I was on a 16-hour road trip with a team to North Dakota. It was getting late and we were getting hungry. We began to discuss what we wanted to eat.

One began, "I think we should have a nice sit-down meal."

Another piped up, "No, let's get fast food."

Another chimed in, "Why don't we stop at a grocery store and get items for sandwiches and snacks."

Amber Vanderburg sitting

We noticed on the map that we were approaching a town. We were in the Dakotas and there weren't a lot of towns on our route so we needed to make a fast decision. However, we went through the town without getting food - because of indecision. The hunger began to rise. Our stomachs began to growl. We had another hour before our next opportunity to stop for food.

The conversation shifted. What kind of food did we want? One voted American, another Italian, another Mexican, another wanted Chinese, and two were undecided. This conversation circled for a while. We began to approach the second town. We drove straight through without a stop. Now the hunger, tiredness, agitation, and tension began to rise.

We entered the next town. By the time we sat down for the meal, we knew that we had missed the deadline for an enjoyable meal as we were in a famished rage.

In your teams, you may not be dealing with the beautiful vast land in the Dakotas with a van of starving people - but you may have a similar feeling of circular conversations that go nowhere, leading to lost time, energy, and money. This brings me to an important factor in leading your teams - you need to create systems to encourage timely decision-making in your team. As we returned from the North Dakota workshops, we had a new system to decide where we would eat.

First, we determined our boundaries. In our group, we had one person that was a vegetarian and another person who had a gluten allergy. We were not going to suggest places to eat where some team members might go hungry. In your team, your agreed-upon boundaries may be set by budget, project scope, or timelines. Either way, I want you to first identify agreed-upon boundaries for your decision-making opportunity.

Next, I want you to timebox the discussion. In our team, we allocated 20 minutes for discussion and then 5 minutes to make the decision. I was working with a team with a habit of circular conversations, so they legitimately used a timer for discussion. This was great for their team dynamic because they had individuals who were hasty decision-makers and those who were too detailed to make decisions on time. This system designated time for conversation and time for a decision.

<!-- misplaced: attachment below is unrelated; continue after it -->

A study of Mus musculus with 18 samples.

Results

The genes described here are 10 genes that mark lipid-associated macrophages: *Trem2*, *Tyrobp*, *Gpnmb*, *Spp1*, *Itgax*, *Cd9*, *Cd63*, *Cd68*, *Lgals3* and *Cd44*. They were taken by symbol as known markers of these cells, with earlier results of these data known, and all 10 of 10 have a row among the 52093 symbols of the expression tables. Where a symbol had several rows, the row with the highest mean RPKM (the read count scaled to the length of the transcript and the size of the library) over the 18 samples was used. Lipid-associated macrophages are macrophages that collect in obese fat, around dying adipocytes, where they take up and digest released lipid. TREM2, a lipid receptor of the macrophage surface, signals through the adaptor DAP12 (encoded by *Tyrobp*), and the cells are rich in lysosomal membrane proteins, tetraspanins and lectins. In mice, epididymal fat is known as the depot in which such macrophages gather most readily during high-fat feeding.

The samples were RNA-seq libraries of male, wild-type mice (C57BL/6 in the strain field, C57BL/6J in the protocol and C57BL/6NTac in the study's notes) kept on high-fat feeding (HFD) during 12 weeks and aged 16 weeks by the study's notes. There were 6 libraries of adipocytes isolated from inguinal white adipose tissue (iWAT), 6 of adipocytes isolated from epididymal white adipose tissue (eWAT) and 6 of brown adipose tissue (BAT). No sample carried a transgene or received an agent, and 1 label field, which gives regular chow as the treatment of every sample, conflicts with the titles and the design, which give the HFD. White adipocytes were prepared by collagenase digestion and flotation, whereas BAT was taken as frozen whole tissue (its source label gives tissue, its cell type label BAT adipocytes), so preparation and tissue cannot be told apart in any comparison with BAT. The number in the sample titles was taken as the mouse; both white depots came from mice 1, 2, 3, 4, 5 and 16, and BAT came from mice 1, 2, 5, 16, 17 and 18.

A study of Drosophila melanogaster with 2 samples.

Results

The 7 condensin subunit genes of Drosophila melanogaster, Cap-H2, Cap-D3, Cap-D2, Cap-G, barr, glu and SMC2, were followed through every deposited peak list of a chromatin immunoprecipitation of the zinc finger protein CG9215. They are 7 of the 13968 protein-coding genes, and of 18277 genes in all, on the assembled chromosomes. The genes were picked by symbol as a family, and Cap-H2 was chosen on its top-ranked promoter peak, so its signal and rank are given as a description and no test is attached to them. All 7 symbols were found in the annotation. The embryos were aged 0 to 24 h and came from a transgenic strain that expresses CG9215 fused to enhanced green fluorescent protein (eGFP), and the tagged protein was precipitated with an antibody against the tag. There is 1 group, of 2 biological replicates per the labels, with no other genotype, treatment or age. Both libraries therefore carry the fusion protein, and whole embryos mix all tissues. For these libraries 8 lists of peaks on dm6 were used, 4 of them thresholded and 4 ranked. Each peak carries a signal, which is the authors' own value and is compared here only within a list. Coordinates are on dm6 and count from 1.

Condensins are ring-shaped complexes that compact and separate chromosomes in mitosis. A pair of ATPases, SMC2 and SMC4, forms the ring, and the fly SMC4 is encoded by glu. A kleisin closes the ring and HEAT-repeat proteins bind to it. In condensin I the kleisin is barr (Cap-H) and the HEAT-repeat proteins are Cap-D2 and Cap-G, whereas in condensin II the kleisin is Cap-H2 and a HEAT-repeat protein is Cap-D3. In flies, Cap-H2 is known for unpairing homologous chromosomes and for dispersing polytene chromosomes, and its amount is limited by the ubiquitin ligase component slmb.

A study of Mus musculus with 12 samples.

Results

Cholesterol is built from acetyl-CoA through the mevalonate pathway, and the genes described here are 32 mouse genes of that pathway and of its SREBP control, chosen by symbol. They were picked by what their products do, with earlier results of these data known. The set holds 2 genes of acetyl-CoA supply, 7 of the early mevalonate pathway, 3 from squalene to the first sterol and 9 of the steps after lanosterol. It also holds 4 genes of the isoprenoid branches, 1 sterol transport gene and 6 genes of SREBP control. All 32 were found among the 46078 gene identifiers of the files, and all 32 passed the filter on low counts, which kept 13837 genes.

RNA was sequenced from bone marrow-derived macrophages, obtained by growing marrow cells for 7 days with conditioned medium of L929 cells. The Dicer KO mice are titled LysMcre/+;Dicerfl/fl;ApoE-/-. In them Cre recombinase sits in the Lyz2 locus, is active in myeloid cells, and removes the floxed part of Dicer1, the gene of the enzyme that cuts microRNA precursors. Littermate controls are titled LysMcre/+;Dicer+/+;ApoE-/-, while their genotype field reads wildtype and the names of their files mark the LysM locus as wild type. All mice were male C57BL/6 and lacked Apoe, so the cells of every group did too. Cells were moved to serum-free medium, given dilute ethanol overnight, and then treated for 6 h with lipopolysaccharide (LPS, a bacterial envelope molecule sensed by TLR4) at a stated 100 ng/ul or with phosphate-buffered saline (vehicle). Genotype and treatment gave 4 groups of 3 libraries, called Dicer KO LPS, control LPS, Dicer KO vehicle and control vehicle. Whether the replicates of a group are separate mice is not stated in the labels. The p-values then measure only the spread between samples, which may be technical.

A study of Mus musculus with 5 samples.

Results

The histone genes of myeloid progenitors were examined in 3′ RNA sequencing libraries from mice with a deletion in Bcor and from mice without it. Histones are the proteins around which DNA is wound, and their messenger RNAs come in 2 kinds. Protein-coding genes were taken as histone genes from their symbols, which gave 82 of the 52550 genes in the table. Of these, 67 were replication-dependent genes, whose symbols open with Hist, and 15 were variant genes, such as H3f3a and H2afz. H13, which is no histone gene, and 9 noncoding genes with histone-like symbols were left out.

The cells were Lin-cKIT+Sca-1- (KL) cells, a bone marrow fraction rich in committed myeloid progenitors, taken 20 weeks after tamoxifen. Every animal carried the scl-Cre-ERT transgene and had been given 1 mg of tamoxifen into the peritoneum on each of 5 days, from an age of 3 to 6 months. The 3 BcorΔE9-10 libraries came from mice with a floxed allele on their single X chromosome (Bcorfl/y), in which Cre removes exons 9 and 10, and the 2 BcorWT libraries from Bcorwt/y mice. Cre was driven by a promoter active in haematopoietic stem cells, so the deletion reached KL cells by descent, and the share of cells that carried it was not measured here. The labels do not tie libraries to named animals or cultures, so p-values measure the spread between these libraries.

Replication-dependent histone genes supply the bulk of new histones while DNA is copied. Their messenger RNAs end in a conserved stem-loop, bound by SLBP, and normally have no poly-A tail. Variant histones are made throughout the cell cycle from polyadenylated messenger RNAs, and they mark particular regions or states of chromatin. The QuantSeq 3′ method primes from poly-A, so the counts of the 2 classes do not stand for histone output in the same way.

In one team, the timebox discussions were called ELMO! Which stood for "Enough, let's move on." They would time box discussion. Allow time for final remarks. Then, make a decision. ELMO!

I was with another team that struggled with determining the end of a project or presentation so they used the term GETMO! This stood for "Good enough to move on." This term is preferred to ELMO with more fluid work like a project or presentation. Either way, the goals of both ELMO and GETMO are the same. Allocate time for discussion and decision.

I encourage you to utilize a system of communication. In our team, we devised a system of quick communication using a Likert scale. A person may ask, "On a scale of 1-10, how hungry are you?" 10 represented hangry and the number 1 represented a person being full and not wanting to eat. The van would echo, "4", "2", "3", "4", "3"... then the leader would respond, "Okay, so what I'm hearing is that we are okay to wait a few hours before we stop somewhere to eat, is that correct?" Yes. If the responses were higher, the team would begin looking for food more urgently.

I have worked with several teams that utilize parliamentary procedures abiding by Robert's rules to run effective and efficient meetings. I love when meetings are conducted with this approach. At the surface level, this may seem too formal or complicated for your team and you may adopt more simplified or relaxed rules of order for conversations.

Your team may not like Likert scales or Parliamentary procedure - that's fine! Find a system that works for you! I was doing a workshop with one team with a habit of getting sidetracked and off-topic. In our workshop, the team decided that they would use the codeword "Peaknuckle!" as a cue to get back on track. This was quick, easy, and highly effective.

Lastly, make a decision. Decision-making in a collaborative dynamic can sometimes lead to conversations that feel like they are going nowhere - but I encourage you with this quote from Theodore Roosevelt, who stated, "In any moment of decision, the best thing you can do is the right thing, the next best thing is the wrong thing and the worst thing you can do is nothing.” So, here's what I want you to do - make a decision.